Posted at 6:31 PM, Mar 26, 2021
and last updated 2021-03-27 10:09:20-04

BILLINGS - Criminal investigations into threats of violence in Montana such as terrorism, cybersecurity crimes, and hate crimes as well as drug activity and trafficking continued to increase in 2020.

That’s according to those with the Montana Analysis and Technical Information Center, known as MATIC.

With a nationwide awareness of hate crimes against Asian Americans, state Department of Justice officials say there have been no recent reports of such crimes made to local law enforcement in Montana that have reached MATIC.

Still, officials are watching national crime trends to prepare.

The fusion center, according to Bryan Lockerby with the division of criminal investigations, is composed of a collection of well-trained crime analysts who assist local police agencies across Montana to exchange criminal intelligence information about illegal activity in the state.

In 2020, the fusion center spread 175 tips and leads to law enforcement that needed more in-depth investigation.

But considering the hot political year and the pandemic, Lockerby says anything happening in the national spotlight is a good indication Montana could be in its reach.

“We pay attention,” he said. “For example, the tragic shooting in Boulder, Colorado, recently, the increased number of assaults on Asian Americans going on around the nation.”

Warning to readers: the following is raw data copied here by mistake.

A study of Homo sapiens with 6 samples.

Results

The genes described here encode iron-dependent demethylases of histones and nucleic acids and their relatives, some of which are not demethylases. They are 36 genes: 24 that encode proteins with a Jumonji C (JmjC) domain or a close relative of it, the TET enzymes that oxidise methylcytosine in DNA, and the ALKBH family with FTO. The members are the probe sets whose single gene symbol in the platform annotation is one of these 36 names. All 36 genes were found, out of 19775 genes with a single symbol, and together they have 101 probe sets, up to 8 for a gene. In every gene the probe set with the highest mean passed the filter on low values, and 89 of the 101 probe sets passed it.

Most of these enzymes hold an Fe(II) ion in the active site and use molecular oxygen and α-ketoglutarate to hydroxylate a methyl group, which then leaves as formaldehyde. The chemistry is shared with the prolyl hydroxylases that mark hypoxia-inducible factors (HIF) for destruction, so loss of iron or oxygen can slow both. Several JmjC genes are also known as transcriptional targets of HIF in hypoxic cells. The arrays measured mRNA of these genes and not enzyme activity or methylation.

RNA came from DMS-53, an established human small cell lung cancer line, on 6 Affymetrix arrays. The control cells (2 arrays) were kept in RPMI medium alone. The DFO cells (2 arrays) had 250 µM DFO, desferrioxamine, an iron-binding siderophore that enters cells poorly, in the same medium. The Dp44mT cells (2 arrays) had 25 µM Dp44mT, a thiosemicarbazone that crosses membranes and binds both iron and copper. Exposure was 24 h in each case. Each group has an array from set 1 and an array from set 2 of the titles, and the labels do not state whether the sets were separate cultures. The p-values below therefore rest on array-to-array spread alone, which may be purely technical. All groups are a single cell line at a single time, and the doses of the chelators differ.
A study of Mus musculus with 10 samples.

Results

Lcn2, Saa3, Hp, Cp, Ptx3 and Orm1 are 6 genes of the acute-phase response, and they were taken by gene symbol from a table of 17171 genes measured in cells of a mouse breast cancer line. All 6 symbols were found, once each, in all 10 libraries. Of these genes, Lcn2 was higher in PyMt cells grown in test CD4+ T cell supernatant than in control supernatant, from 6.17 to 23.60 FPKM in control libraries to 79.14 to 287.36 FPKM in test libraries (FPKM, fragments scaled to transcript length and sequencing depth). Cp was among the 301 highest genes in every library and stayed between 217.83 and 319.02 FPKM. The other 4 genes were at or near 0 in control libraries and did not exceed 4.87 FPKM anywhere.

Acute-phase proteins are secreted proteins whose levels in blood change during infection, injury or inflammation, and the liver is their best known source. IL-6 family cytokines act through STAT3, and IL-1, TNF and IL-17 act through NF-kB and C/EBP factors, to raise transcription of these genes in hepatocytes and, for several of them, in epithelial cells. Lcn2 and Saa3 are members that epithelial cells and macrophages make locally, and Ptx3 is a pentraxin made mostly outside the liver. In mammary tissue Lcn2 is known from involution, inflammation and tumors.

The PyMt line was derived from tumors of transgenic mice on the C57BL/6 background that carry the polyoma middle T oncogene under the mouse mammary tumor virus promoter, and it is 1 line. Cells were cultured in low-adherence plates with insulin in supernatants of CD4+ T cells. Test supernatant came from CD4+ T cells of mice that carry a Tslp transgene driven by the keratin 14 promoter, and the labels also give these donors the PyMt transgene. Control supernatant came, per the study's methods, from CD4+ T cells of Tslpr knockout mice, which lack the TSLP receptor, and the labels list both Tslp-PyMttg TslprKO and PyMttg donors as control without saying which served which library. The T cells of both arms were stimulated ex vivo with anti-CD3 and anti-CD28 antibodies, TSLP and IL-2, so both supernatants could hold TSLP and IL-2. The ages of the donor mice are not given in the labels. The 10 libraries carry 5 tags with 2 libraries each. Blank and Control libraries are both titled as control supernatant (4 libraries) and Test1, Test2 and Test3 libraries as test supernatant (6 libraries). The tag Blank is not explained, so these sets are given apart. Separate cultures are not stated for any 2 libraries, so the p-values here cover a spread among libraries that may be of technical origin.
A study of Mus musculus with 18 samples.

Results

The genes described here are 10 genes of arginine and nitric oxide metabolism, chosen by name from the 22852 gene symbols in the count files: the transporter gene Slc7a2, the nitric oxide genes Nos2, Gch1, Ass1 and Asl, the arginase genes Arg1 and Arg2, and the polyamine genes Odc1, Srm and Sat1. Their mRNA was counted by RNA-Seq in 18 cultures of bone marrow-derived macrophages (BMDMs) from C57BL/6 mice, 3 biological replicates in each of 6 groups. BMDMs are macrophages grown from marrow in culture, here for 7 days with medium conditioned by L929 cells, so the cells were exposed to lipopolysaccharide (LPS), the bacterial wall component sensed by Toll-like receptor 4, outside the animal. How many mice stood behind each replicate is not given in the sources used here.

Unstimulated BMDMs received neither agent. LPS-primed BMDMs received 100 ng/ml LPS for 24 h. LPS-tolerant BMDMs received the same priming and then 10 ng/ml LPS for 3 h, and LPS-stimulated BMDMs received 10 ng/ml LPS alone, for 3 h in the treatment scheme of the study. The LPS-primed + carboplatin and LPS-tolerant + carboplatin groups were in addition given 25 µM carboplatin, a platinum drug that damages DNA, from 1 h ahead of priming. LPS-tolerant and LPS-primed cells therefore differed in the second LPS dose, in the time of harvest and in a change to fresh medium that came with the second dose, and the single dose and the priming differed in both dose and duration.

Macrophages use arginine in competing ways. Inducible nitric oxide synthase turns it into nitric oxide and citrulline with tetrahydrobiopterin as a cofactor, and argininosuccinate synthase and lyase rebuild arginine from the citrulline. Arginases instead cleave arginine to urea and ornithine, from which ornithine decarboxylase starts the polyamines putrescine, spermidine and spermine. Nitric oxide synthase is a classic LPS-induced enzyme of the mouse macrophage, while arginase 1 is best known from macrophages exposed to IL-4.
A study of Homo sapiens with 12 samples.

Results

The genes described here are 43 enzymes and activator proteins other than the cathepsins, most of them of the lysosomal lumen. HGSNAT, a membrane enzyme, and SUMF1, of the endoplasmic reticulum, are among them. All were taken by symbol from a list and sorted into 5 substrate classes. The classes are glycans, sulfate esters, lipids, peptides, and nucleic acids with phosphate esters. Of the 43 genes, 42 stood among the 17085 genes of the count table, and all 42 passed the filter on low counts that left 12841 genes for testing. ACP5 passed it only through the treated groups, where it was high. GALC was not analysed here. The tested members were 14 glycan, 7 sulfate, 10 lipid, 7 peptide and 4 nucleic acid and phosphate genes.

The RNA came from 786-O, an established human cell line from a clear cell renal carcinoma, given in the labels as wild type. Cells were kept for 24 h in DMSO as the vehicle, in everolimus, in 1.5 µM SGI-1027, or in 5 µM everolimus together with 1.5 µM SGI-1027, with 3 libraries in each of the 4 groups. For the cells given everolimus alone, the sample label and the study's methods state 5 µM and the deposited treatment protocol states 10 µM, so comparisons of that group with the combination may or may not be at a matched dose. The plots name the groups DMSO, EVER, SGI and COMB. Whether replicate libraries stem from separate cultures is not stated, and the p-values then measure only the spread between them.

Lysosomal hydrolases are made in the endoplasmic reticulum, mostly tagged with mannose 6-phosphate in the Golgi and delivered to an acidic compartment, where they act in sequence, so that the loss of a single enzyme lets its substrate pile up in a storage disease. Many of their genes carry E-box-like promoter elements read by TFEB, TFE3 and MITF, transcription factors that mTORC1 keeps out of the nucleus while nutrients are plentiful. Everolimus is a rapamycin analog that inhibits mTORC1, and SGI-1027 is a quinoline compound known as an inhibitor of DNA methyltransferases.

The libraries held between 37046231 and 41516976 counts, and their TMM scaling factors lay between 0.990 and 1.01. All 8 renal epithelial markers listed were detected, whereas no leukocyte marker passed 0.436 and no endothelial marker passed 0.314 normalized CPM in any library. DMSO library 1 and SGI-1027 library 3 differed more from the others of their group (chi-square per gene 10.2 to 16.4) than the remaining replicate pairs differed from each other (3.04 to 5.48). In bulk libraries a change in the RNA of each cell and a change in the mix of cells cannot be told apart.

While law enforcement has said the Atlanta mass shooting that left six dead was at least partially racially motivated, police have not given a motive in the deadly shooting at a Boulder grocery store.

Lockerby says the center includes well-trained staff, who are good at doing strong police work, issuing critical assessments on human trafficking, illegal drugs coming into the state, cyber crime (especially when hackers attack school districts), and threats involving critical infrastructure.

“We receive reports and details of these events, but then again, as a fusion, we disseminate that information out to local law enforcement so that they are more aware of it, and they're more heightened,” said Lockerby. “Because as we know crime trends change and we want people to be aware of what might be out there.”

Last year those with the Montana Analysis and Technical Information Center responded and helped local agencies during two major events in Philips and Carbon counties.

Lockerby said the center also helped in the recent standoff on I-90 in Stillwater County where U.S. Marshals shot and killed a fugitive from Georgia, wanted for aggravated stalking and making terrorist threats.

Over 50 percent of requests for help come from local police agencies.